Salt Lake City, Boise, Chino... There are still a few places in the States where you can eat the real Basque odolkia
'Odolkia', 'mortzila', 'tripota' are different Basque words for different types of blood sausage. The Boise 'mortzila dinner' is the biggest in the States (photo EuskalKultura.com)
From March, in Salt Lake (see the previous article), to November in Boise. Odolkia, mortzila, tripota are different Basque words and types of blood sausages. There are still a few Basque clubs in Utah, Idaho, Nevada and California where Basques gather to make and eat this old country style delicatessen. This is an article about the mortzila festival hold last November in Boise. Whether you are Basque or not, you know what weekend it is the minute you park your car and step into the air in Boise, as the smell of onions and leeks take over downtown. Hot homemade mortzillas cooking in the basement of Boises Basque Center. For decades, the unique experience and tradition has taken place, preparing for the hundreds who gather to eat them.Its a week long effort preparing for the dinner and bizarre that took place on the first Saturday of November. A record breaking amount of the blood sausages were prepared, more than 3,300.
Efforts started Tuesday October 30th at the home of Benedicto and Tomasa Goitiandia. The couple has opened their home to the dozen or more volunteers that helped prepare the onions and leeks. Then two days later, more volunteers gathered at the Basque Center to prepare the sausages.
[This table of friends, many from various parts of Euskadi, enjoy
each others company after feasting on fish, chicken, and mortzillas. (photo EuskalKultura.com)]
[These kids joined many others who were trying to win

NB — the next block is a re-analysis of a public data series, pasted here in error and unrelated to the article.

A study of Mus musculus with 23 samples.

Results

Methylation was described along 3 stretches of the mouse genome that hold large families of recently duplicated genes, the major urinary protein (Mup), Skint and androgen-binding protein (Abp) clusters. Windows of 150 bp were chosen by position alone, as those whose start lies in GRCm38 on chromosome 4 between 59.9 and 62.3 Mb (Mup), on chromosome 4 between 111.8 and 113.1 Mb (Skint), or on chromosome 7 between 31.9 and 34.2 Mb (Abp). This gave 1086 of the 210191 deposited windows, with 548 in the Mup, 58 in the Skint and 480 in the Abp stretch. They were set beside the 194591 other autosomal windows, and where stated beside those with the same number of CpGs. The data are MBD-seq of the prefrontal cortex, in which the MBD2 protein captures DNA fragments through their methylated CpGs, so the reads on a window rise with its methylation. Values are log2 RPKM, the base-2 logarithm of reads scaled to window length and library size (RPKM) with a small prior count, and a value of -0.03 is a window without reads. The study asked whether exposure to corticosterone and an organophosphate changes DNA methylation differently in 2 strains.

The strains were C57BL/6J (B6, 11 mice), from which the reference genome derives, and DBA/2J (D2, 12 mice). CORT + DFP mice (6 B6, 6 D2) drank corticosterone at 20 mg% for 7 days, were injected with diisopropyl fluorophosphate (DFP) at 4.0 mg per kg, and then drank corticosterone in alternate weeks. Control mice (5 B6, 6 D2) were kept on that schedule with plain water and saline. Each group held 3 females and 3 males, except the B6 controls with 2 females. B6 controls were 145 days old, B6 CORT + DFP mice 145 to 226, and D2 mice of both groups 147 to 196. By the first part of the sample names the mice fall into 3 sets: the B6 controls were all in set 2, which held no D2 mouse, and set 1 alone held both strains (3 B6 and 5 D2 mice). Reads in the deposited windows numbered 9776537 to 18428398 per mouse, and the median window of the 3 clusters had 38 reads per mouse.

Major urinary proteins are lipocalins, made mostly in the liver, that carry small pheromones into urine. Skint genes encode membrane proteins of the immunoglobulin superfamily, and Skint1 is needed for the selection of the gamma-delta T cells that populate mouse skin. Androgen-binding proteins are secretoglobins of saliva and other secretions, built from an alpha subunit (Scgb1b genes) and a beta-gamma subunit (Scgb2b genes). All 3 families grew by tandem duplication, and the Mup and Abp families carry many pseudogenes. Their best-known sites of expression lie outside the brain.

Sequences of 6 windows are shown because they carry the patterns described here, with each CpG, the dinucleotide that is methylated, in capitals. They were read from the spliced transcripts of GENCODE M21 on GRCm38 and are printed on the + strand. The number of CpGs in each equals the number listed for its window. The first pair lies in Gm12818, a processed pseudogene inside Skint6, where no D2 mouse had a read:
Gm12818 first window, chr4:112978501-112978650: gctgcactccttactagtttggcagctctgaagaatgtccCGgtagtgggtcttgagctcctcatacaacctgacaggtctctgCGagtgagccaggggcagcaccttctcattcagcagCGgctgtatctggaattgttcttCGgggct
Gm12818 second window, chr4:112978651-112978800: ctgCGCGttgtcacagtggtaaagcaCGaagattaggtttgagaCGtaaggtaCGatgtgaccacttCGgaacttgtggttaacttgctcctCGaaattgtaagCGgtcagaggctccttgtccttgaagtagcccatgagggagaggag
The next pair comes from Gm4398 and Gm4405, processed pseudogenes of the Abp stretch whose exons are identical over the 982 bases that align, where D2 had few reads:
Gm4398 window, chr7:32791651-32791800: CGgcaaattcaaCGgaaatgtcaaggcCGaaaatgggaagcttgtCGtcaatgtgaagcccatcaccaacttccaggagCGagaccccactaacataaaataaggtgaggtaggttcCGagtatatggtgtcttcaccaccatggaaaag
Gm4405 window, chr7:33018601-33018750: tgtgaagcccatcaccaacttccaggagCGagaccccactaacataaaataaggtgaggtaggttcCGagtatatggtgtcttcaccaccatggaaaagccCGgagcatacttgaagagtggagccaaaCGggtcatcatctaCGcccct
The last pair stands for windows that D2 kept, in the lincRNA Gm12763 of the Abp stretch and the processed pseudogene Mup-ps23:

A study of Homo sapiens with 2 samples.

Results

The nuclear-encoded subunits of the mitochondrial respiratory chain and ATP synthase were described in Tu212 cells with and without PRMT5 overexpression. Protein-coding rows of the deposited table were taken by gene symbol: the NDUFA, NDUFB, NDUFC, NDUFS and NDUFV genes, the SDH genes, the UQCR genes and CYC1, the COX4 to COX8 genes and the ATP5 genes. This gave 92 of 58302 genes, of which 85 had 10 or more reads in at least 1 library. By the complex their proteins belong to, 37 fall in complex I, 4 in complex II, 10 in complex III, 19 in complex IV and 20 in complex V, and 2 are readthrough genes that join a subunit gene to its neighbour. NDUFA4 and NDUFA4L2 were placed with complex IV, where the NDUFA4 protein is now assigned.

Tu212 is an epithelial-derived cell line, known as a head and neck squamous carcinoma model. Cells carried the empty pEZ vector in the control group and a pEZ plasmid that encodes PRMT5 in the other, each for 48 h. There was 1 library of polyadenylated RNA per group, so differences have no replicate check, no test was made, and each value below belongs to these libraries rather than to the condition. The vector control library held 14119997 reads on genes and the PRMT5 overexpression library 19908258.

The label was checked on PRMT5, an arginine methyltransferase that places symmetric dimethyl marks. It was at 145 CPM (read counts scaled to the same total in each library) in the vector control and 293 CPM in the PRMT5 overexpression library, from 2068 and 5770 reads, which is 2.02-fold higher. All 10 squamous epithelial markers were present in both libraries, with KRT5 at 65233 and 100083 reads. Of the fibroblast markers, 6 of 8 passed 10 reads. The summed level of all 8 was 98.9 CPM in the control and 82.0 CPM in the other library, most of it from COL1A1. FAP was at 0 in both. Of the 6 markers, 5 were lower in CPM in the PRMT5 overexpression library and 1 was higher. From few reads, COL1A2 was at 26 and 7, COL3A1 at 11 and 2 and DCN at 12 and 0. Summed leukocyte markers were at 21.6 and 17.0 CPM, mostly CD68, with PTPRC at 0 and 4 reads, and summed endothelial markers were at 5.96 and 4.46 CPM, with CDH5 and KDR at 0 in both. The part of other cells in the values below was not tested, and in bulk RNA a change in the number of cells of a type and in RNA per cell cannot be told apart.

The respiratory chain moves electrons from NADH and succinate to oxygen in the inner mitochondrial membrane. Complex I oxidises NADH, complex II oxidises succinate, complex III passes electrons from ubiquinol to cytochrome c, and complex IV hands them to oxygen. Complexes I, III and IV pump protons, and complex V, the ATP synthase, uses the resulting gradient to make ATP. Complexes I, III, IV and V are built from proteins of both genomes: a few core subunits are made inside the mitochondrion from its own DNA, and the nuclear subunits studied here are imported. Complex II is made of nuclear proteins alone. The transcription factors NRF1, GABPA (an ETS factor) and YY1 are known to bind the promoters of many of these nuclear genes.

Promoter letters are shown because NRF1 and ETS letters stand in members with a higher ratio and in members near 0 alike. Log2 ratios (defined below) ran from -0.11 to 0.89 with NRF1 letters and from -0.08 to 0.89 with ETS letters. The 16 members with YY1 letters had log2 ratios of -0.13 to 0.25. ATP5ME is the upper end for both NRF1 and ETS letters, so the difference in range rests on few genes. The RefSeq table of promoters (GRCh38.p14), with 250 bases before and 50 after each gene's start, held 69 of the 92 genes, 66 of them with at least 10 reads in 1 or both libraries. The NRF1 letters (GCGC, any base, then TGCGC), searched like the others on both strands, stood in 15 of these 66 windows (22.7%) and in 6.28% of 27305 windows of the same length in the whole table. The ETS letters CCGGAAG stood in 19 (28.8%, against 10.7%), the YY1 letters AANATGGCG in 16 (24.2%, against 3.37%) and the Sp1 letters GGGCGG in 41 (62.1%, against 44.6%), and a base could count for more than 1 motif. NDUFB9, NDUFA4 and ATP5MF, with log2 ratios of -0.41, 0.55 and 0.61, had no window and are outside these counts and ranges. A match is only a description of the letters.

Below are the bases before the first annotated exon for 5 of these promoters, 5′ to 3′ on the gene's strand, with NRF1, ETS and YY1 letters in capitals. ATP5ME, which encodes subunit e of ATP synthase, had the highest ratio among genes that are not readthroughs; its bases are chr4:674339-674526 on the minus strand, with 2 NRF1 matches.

prizes during the night's bingo game. All money raised from bingo goes to
the Basque Charities foundation, that helps various people in the community
during hard financial times (photo Annie Gavica)]
Mortzilla making is one of the most unique experiences and traditions that have been taking place in Boise. While many of the mortzilla makers have been participating in the practice for years, younger generations are encouraged to also learn the deep rooted tradition.
[Delfina Krakau, Ysabel Bilbao, Izar Iribarren-Gorrindo, Annie
Gavica of Boise, and Isabel Iribarren of Gardnerville, Nevada originally of
Navarre enjoy drinks after dinner (photo Carlos Cortez)
[Fish and Chicken accompany mortzillas at this annual dinner.
The mortzillas are homemade, prepared by local Basques (photo EuskalKultura.com)]
[The bar is a popular place for many people to gather and
socialize after dinner. Patty Dennis, 1st generation Basque. She was
formally Patty Asumendi, her parents are from Lekeitio on the left, and
Carolyn Lejarcegui, married to Jose Lejarcegui of Muxika, Bizkaia sit
together and watch the crowd (photo EuskalKultura.com)]
Along with mortzilla's guests enjoyed a full course meal of chicken and fish, and then it was on to the bingo. Players of all generations fill the tables in the dance hall hoping to win a pound of chorizos or a bottle of wine. Its a fun way to enjoy each others company while raising money for Boise Euzkaldunaks Basque Charities.
After the party is over there is always more mortzilla to go around and they are always available for sale.